Dietary Fiber: Insoluble vs. Soluble

Kathleen M. Zelman, MPH, RD, LD

Confused about fiber? You’re not alone. Dietary fiber is a misunderstood nutrient. Many people know it is important, but not much more than that. This article fills you in on the two main types of fiber – soluble and insoluble -- where to find them, and the health benefits they provide.

Dietary fibers are found naturally in the plants that we eat. They are parts of plant that do not break down in our stomachs, and instead pass through our system undigested. All dietary fibers are either soluble or insoluble. Both types of fiber are equally important for health, digestion, and preventing conditions such as heart disease, diabetes, obesity, diverticulitis, and constipation.

Soluble vs. Insoluble Fiber

Soluble fiber dissolves in water. Insoluble fiber does not. To some degree these differences determine how each fiber functions in the body and benefits your health.

Soluble fibers attract water and form a gel, which slows down digestion. Soluble fiber delays the emptying of your stomach and makes you feel full, which helps control weight. Slower stomach emptying may also affect blood sugar levels and have a beneficial effect on insulin sensitivity, which may help control diabetes. Soluble fibers can also help lower LDL (“bad”) blood cholesterol by interfering with the absorption of dietary cholesterol.

  • Sources of soluble fiber: oatmeal, oat cereal, lentils, apples, oranges, pears, oat bran, strawberries, nuts, flaxseeds, beans, dried peas, blueberries, psyllium, cucumbers, celery, and carrots.

Insoluble fibers are considered gut-healthy fiber because they have a laxative effect and add bulk to the diet, helping prevent constipation. These fibers do not dissolve in water, so they pass through the gastrointestinal tract relatively intact, and speed up the passage of food and waste through your gut. Insoluble fibers are mainly found in whole grains and vegetables.

  • Sources of insoluble fiber: whole wheat, whole grains, wheat bran, corn bran, seeds, nuts, barley, couscous, brown rice, bulgur, zucchini, celery, broccoli, cabbage, onions, tomatoes, carrots, cucumbers, green beans, dark leafy vegetables, raisins, grapes, fruit, and root vegetable skins.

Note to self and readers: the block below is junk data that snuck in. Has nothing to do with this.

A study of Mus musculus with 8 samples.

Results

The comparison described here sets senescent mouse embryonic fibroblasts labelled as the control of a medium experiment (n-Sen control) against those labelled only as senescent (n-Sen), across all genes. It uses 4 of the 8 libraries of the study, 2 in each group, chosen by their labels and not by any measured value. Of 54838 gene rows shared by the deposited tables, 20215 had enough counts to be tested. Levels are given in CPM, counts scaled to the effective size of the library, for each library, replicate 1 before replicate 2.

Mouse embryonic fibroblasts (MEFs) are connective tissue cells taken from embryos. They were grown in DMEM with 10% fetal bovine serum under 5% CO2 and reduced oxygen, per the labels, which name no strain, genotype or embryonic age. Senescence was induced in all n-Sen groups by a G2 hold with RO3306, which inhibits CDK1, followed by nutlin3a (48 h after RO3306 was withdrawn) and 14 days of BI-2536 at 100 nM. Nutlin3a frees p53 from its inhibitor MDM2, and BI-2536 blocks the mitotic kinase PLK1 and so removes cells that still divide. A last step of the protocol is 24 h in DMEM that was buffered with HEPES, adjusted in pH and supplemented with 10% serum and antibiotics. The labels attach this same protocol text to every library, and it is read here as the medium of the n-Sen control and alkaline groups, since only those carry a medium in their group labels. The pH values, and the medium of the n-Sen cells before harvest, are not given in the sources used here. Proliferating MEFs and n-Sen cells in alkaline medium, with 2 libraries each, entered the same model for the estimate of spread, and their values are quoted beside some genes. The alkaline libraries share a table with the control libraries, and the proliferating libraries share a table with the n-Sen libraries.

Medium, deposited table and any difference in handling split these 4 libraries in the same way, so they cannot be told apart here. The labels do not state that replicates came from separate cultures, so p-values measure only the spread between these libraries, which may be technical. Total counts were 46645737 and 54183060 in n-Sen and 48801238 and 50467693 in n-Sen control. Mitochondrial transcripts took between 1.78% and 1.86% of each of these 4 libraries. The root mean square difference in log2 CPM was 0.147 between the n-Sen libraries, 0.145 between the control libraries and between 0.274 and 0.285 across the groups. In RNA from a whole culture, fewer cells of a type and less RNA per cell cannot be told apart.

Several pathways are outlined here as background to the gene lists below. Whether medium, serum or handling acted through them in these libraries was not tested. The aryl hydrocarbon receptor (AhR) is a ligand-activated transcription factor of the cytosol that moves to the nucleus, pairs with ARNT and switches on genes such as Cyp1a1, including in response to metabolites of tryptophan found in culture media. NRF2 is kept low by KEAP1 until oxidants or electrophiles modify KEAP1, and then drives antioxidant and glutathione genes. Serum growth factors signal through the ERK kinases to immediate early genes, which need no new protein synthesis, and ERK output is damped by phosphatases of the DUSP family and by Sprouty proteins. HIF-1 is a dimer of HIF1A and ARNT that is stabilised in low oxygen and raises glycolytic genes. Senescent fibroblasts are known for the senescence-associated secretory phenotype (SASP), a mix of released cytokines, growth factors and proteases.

How Much Dietary Fiber Do You Need?

Most Americans get only about 15 grams of fiber per day in their diet. But the 2005 Dietary Guidelines for Americans recommends about 25 grams for women under 50 and teenage girls. Teenage boys and men under 50 (who consume more calories than women) require upwards of 30-38 grams of dietary fiber daily. 

Don’t worry about what kind of fiber you are taking in unless you are seeking a specific health benefit, such as eating more soluble fiber to lower cholesterol. Instead, focus on eating a healthy diet rich in fruits, vegetables, whole grains, legumes, nuts, and seeds. This will provide a variety of soluble and insoluble fibers and all of the health benefits.

As you increase the fiber in your diet, you may experience more intestinal gas. Increasing fiber gradually will allow your body to adapt. Because some fibers absorb water, you should also drink more water as you increase fiber.

Tips to Get More Fiber in Your Diet

Meeting dietary fiber goals can be a challenge, especially if you’re used to eating lots of processed and refined foods. Use these tips to help work more fiber in your diet:

  • Eat more whole fruit instead of fruit juice. 
  • Read labels. Look for the word "whole” before any grains on the ingredient list and check the number of grams of dietary fiber on the nutrition facts panel of packages to select high-fiber foods. 
  • Start your day with a bowl of bran or other high-fiber cereal that contains at least five grams of fiber per serving.
  • Snack on raw vegetables. 
  • Add legumes, seeds, and nuts into soups, salads, and stews. 
  • Replace refined white bread, pasta, and rice with whole-grain products. 
  • Eat a vegetarian meal at least once a week.

Fiber supplements can also help you meet your fiber needs. But experts warn that the health benefits of supplements have not been studied as extensively as dietary fibers and may not have the same effect as fiber in foods.